South Korea’s Daewoo Shipbuilding and Marine Engineering (DSME) has started construction of the fifth Royal Dock, the world’s largest floating dock.
The dock will have a length of 432m, width of 85.6m and capacity of 130,000dwt, and will be built at at DSME’s Okpo Shipyard.
The South Korean shipbuilder said that the dry dock will be capable of building 18,000teu containerships and any other large vessels up to 68m in width.
The fifth Royal Dock is being built at Daehan Shipbuilding (DS) in the South Korean province of South Jeolla to help DSME build larger FPSOs and LNG-FPSOs that require a larger production facility.
Royal Dock-5 will help the company meet its production schedule as well as solve the issue of storage at the building site.
The dry dock is scheduled to be delivered to the Okpo shipyard on December 2012, and will be used to build three LNG carriers starting in February 2013.
The shipbuilder previously commissioned a similar floating dock – DSME Royal Dock-4 – which was used for the construction of large-scale containerships.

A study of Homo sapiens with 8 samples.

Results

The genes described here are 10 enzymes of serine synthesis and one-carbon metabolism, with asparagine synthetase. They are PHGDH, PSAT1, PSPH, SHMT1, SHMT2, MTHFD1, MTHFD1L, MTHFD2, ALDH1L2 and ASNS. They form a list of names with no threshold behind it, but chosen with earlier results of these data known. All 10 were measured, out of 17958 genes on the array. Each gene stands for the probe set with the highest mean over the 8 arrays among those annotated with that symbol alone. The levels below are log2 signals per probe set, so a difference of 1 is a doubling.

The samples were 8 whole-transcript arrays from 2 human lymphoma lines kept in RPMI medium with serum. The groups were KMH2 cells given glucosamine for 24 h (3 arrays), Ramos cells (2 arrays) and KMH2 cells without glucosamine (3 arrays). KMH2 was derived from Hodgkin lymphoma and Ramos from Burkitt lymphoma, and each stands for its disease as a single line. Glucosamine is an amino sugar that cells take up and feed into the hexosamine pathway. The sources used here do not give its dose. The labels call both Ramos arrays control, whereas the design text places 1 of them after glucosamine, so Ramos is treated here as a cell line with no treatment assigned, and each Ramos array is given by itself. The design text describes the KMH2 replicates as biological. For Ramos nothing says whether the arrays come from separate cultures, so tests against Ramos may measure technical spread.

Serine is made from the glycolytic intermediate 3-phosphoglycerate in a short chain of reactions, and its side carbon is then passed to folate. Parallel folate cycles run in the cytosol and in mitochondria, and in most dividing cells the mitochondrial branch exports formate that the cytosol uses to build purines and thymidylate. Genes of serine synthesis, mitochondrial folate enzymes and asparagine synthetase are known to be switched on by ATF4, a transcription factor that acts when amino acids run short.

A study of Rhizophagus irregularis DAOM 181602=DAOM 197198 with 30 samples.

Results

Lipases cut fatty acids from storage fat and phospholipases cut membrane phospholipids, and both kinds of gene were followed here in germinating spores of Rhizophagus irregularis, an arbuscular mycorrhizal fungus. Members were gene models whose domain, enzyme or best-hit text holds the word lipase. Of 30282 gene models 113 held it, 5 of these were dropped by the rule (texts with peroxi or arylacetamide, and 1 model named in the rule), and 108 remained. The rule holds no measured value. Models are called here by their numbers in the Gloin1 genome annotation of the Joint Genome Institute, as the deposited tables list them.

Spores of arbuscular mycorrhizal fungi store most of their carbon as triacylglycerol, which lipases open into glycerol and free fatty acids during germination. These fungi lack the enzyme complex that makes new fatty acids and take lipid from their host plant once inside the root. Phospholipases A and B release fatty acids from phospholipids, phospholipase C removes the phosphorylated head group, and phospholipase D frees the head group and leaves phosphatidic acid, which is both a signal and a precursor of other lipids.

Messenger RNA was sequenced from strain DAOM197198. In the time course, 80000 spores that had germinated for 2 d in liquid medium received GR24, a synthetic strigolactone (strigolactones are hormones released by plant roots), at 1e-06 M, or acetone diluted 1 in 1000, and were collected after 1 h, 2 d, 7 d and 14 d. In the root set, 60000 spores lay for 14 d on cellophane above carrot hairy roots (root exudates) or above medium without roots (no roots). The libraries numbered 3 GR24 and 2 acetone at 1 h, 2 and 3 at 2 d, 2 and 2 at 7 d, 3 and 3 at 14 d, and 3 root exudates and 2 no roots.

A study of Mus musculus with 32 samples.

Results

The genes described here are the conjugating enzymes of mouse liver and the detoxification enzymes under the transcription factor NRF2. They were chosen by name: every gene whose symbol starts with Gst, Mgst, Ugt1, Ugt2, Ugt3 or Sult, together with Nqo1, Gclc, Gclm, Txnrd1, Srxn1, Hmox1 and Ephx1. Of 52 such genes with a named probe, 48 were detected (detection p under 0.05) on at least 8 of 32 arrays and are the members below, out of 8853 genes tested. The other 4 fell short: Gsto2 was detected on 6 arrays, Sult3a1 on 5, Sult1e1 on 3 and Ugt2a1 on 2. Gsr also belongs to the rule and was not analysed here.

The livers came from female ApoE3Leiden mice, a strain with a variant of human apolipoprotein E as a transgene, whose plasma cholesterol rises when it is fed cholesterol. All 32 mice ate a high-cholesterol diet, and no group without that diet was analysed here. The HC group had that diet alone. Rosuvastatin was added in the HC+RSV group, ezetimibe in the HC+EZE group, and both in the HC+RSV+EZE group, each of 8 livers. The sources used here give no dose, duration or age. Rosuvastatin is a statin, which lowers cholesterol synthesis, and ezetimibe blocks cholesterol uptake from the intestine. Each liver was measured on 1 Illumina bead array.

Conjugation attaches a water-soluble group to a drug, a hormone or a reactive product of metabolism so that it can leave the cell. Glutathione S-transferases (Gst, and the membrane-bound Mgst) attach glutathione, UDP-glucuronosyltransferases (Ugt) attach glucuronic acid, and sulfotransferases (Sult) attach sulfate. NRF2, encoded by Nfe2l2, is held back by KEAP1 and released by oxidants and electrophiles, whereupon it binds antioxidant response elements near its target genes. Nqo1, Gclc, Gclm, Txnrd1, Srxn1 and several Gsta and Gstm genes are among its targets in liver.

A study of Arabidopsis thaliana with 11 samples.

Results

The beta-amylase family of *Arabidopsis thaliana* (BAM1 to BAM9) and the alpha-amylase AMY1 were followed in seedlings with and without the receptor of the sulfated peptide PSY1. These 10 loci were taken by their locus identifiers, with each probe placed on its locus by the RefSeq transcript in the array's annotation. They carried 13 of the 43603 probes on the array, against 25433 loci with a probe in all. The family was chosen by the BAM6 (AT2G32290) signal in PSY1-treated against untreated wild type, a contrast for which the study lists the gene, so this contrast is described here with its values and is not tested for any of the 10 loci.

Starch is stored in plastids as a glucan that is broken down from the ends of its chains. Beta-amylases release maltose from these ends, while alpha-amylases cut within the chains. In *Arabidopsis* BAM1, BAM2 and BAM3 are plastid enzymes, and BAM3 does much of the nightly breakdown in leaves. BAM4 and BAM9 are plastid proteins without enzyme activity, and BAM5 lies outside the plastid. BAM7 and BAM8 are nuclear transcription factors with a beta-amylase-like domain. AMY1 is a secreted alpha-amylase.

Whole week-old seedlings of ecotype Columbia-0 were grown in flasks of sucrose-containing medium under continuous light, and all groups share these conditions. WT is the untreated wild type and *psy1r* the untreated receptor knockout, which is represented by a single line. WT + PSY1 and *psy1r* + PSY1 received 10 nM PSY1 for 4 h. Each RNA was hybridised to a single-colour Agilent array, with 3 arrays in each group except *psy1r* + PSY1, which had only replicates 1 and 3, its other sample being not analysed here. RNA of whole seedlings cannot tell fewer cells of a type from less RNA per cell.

The Royal Dock-4 is designed to have a floatage capacity of 120,000t with a length of 438m and width of 84m.
Floating docks allow the shipbuilder to spend less time sinking or buoying the vessel to launch vessels built at the yard.
The dock allows 16 water pumps with the capacity of 4,500m3 to raise or lower the dock by 21m in three hours.
Bigger floating docks also allow shipbuilders to build ships at a cheaper cost compared with land-based yards.
Earlier this year Oman Drydock (ODC) unveiled a plan to build a floating dock at its ship repair yard at Duqm, Oman.
The panamax-size floating dock will be built by ODC at the Port of Duqm and, when operational, it is expected to surpass the capacity of the Gulf region’s only other floating dock, which is operating in Bahrain.
ODC has a pair of giant graving docks capable of accommodating massive ships, including VLCCs, ULCCs, fourth and fifth-generation containerships, and other vessels with a maximum capacity of 600,000dwt.
The floating dock will cater to smaller domestic tonnage, such as fishing trawlers, government vessels, passenger and cargo ferries, and small to mid-size naval ships.